Updated: 3 days ago

On Wednesday, May 11, the First Chamber of the Mexican Supreme Court voted in favor of an amparo case for violating the constitucional rights of defendant Edgar Sanchez, who was charged with simple possession of cannabis. The case had been scheduled for a vote on October 13, 2021, but was postponed by the High Court to debate the constitucional effects of the ruling. Minister Juan Luis Gonzalez Alcantara Carranca presented a draft resolution before the First Chamber. The Chamber voted 3-2 in favor of the resolution.


The resolution did not contemplate declaring simple possession as unconstitucional, which carries a penalty of 10 months to 3 years in prison as defined by article 477 of the General Health Law. Instead, the ruling found article 478 to be unconstitutional, which allows possession for personal consumption of up to 5 grams. Article 478 states, ¨The Public Ministry will not take criminal action for the offense...against anyone who is a drug addict or a consumer and possesses any of the narcotics indicated in the table, in equal or less quantity [5 grams for cannabis]...for its strict personal consumption... The Public Ministry will report the non-exercise of criminal action to the federal health authority, where the resolution is adopted with the purpose of promoting the corresponding medical or preventative treatment.¨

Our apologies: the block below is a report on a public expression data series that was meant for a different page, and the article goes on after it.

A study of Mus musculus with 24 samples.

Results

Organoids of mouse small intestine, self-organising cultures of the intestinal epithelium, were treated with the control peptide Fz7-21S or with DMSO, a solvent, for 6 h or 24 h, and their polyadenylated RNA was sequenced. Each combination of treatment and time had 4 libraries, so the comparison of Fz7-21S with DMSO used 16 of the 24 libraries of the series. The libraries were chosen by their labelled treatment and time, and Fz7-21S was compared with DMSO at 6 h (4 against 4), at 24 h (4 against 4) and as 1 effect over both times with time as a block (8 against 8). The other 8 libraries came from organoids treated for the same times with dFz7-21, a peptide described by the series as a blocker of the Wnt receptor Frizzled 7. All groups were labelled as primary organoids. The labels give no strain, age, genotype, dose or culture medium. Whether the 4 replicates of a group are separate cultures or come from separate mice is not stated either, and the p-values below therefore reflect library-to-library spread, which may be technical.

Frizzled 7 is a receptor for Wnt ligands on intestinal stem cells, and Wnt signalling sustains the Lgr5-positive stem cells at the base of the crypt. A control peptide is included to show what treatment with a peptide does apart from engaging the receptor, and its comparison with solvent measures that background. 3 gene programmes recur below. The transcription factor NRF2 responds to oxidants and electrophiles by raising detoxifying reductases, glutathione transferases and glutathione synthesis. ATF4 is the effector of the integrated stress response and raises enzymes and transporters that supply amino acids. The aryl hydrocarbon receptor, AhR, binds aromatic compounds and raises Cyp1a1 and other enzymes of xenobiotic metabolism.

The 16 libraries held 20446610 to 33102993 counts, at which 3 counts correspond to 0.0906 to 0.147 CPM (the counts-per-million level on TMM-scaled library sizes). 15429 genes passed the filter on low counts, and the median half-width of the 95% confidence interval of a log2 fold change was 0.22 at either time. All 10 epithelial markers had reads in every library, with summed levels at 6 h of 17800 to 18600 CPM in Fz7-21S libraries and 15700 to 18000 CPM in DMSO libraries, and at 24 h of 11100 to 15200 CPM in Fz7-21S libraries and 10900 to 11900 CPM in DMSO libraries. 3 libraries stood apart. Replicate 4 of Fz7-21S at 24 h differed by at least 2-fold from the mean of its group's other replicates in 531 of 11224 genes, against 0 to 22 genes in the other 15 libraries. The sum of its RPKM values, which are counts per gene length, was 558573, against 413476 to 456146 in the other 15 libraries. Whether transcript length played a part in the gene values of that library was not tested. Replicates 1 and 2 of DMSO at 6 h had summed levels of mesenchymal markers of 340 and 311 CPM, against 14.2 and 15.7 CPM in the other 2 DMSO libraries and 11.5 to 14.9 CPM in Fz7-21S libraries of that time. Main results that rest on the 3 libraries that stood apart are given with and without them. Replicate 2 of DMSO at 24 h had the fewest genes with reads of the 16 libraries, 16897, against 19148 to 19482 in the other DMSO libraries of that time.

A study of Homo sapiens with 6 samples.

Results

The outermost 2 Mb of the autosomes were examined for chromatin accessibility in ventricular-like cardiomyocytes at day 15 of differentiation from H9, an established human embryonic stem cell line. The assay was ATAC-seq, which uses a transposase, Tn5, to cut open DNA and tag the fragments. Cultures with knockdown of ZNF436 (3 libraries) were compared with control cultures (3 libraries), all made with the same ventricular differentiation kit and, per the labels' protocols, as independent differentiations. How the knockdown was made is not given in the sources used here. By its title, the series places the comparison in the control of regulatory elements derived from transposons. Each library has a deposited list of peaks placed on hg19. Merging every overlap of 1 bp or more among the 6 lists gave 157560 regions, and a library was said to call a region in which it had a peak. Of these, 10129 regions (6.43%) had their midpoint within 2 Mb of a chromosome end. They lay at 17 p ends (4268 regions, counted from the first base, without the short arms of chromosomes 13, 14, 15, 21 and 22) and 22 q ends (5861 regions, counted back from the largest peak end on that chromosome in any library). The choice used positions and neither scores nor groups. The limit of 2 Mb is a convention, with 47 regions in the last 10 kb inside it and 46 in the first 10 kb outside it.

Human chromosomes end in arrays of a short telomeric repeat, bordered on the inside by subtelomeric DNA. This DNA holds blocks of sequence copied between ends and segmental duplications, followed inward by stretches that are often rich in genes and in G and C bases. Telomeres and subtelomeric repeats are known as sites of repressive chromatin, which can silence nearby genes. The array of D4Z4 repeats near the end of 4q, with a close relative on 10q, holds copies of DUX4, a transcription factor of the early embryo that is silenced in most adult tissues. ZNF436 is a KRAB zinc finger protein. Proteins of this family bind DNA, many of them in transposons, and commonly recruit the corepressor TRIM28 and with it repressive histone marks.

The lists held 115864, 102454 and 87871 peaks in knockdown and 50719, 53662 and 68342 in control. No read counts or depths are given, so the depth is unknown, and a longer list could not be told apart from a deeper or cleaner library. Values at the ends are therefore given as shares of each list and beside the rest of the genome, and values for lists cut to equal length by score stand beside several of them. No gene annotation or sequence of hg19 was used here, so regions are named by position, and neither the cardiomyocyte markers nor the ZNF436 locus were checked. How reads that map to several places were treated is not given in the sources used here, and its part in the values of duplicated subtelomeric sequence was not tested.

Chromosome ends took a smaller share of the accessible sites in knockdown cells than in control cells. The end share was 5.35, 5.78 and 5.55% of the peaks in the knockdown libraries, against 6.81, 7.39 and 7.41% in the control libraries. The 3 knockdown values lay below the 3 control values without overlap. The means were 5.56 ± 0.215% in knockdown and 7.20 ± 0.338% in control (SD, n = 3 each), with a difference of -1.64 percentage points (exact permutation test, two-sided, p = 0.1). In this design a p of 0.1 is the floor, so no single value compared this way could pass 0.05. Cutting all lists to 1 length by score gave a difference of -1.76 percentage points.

In a statement issued by the court, the Ministers declared that ¨the penal regulation that does not allow recognizing the use or consumption of cannabis sativa for personal purposes as a case of exclusion of the crime is unconstitutional, since both the legal operator [public prosecutor] and the recipient [defendant] are unable to ponder when there is no crime in such a case.¨ The ruling in essence allows the lower circuit courts and the Public Ministry to determine when a criminal defendant can be charged with the crime of simple possesssion on a case by case basis. Since the resolution passed with only 3 votes, however, the ruling would not become obligatory for the lower courts - 4 votes are required to establish legal precedent, as outlined in the Amparo Law.


The civil rights group Mexico United Against Delinquency (MUCD) filed the amparo appeal on behalf of the criminal defendant to the High Court. The group issued a statement lamenting the First Chamber´s decision not to declare simple possession as unconstitucional, despite ruling personal consumption as a constitutional right in 2018 and issuing a General Declaration of Unconstitucionality June of last year, which eliminated administrative barriers in the General Health Law that prohibited the Federal Commission for the Protection Against Sanitary Risks (COFEPRIS) from issuing adult-use, personal consumption permits. See the MUCD´s infographic below for a breakdown on the Court´s ruling.